Wednesday, August 17, 2005

Restoration Not Reformation

Individuals and movements become great because they existed at the right place and the right time in history. For example, events and circumstances (and Divine Providence) thrust the great men of American history into prominence. George Washington preferred the relative anonymity of Mount Vernon to the snows of Valley Forge, but it was the latter that made him "the Father of our country." Abraham Lincoln was a country lawyer until the South's secession forced him into the limelight. The Vietnam Antiwar movement was discounted until Walter Cronkite built up (and sometimes invented) military failures in Southeast Asia.

The Restoration Movement burst on the scene at just the right time in American history. Here are several factors that contributed to its success:

(1) America was a new nation. With its newness came a questioning of all things European and monarchical. Churches either severed or attempted to separate themselves from their European counterparts. The Anglican Church, for example, became the Episcopalian Church. James O'Kelly led the Republical Methodists, who later identified themselves as the Christian Church, out of the Methodist Episcopal Church because Francis Asbury and Thomas Coke insisted on establishing themselves as "bishops," a title that smacked of Old World elitism.

(2) The American governmental experiment gave rise to an interest in "primitive" democracies and republics. There was a widespread cry for going back "to the old paths". Many looked to the ancient city states of Greece for examples of pure democratic constructs. Others looked to the ancient Roman Republic as an example of a Republic. The Campbells evidenced the same kind of interest in going back to "primitive Christianity" because the church of the first century was not sullied by the divisions of the intervening years.

(3) The frontier was a place for experimentation. The American frontier saw all manner of wacky social and religous experimentation. Communitarian experiments occurred at Oneida, NY, New Harmony, IN, as well as many other places. One individual tried carving out his personal kingdom in the region that became Kentucky. Religious groups such as the Shakers, the Quakers, and eventually the Mormons established themselves on the frontier. Why not attempt to simply return to Christianity's roots through restoring the ancient faith and practice as revealed in the Bible?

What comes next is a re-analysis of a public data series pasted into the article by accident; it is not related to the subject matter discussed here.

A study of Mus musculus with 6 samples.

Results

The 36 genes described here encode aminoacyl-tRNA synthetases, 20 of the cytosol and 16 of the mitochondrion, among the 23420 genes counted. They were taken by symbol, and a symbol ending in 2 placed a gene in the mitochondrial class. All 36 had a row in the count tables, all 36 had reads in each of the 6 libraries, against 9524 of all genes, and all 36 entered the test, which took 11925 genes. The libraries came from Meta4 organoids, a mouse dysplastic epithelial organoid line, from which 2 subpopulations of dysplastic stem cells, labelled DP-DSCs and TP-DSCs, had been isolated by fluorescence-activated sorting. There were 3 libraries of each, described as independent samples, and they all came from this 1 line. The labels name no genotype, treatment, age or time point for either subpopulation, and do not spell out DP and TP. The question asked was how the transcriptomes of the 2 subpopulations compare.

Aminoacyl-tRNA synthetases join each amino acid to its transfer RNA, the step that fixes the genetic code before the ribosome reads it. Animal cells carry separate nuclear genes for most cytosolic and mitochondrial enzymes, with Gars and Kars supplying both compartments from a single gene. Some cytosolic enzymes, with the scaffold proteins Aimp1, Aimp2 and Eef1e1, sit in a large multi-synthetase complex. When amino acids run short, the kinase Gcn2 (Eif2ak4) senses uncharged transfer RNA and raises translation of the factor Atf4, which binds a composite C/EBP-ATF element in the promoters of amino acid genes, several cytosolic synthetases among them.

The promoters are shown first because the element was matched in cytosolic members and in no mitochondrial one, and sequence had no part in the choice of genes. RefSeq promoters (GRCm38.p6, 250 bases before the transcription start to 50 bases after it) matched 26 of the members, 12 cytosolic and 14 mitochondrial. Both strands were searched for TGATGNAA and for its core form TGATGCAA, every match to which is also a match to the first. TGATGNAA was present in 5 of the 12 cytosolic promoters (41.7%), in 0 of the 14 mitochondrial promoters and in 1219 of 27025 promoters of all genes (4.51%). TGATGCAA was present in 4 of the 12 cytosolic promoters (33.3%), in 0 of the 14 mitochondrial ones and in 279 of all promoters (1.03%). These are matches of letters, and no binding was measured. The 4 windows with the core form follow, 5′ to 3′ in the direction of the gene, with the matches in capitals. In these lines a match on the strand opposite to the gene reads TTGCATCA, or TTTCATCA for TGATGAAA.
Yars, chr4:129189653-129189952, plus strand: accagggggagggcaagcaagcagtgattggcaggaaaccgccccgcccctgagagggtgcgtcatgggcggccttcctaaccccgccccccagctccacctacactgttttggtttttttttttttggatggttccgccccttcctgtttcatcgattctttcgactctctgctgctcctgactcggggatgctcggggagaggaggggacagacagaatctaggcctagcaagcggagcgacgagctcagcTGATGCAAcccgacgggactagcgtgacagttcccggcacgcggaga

(4) The guarantee of religious freedom unhampered by state supported churches. The First Amendment to the Constitution guaranteed the right to free expression of religious faith. The amendment guaranteed that no religious denomination would receive state recognition by the Federal Government. (Several states, however, had state churches. Massachusetts was the last to disestablish its state church about 1830.) Since individuals could worship as they pleased, it was possible to instigate major changes and replace longstanding traditions.

More than any of the other leaders in the Restoration Movement, Alexander Campbell pled for restoration. In his series of articles, published in The Christian Baptist, entitled "A Restoration of the Ancient Order of Things," Campbell pointed out that institutions can be reformed but not religion. You can reform a religious organization but you really can't do so with religion itself. Why? Because, as he said, the religion is what it is. It can be subverted, changed, or misused but when it does it becomes something different. You can add traditions, rituals, and dogmas to Christianity but it does not remain Christianity. The only thing you can do with religion is to restore its original practices.

Campbell rightly pointed out that you could reform the Catholic organization and make it a Presbyterian organization, but the attitude of the pope would remain in the hearts and minds of the leaders. The only answer was to return to the pure Word of God and simply do what it says.

That is still good advice. The problem is that the heirs of the Restoration Movement have accumulated their own traditions and adopted their own forms for "papal manipulation." Some have called for a reformation of the Restoration Movement; others for a restoration of the Restoration Movement. The Restoration Movement, hear me, does not need to be restored! It is the faith and practice of the early church that needs to be restored!

Reformation won't cut it! Restoration is a continuing effort and will never find its completion this side of glory. Why? Because we gain clearer understanding of the New Testament milieu, the New Testament text, and the early church each year. New discoveries, better biblical scholarship, and new insight added to the old gives us a better picture of what those early Christians believed and taught. Our commitment to biblical study and origins needs to continue.

With that in mind, I am going to take the time to go back over Campbell's "A Restoration of the Ancient Order of Things" and rethink much of what he said there. You will see the fruit of that study on this blog. In many cases, I'm sure, I will echo much of what Campbell said. In other instances, you will find (if you will compare) that I disagree with Campbell on some things. But I agree with his basic idea -- that the way to Christian unity is through a restoration of pure speech and practice of New Testament principles.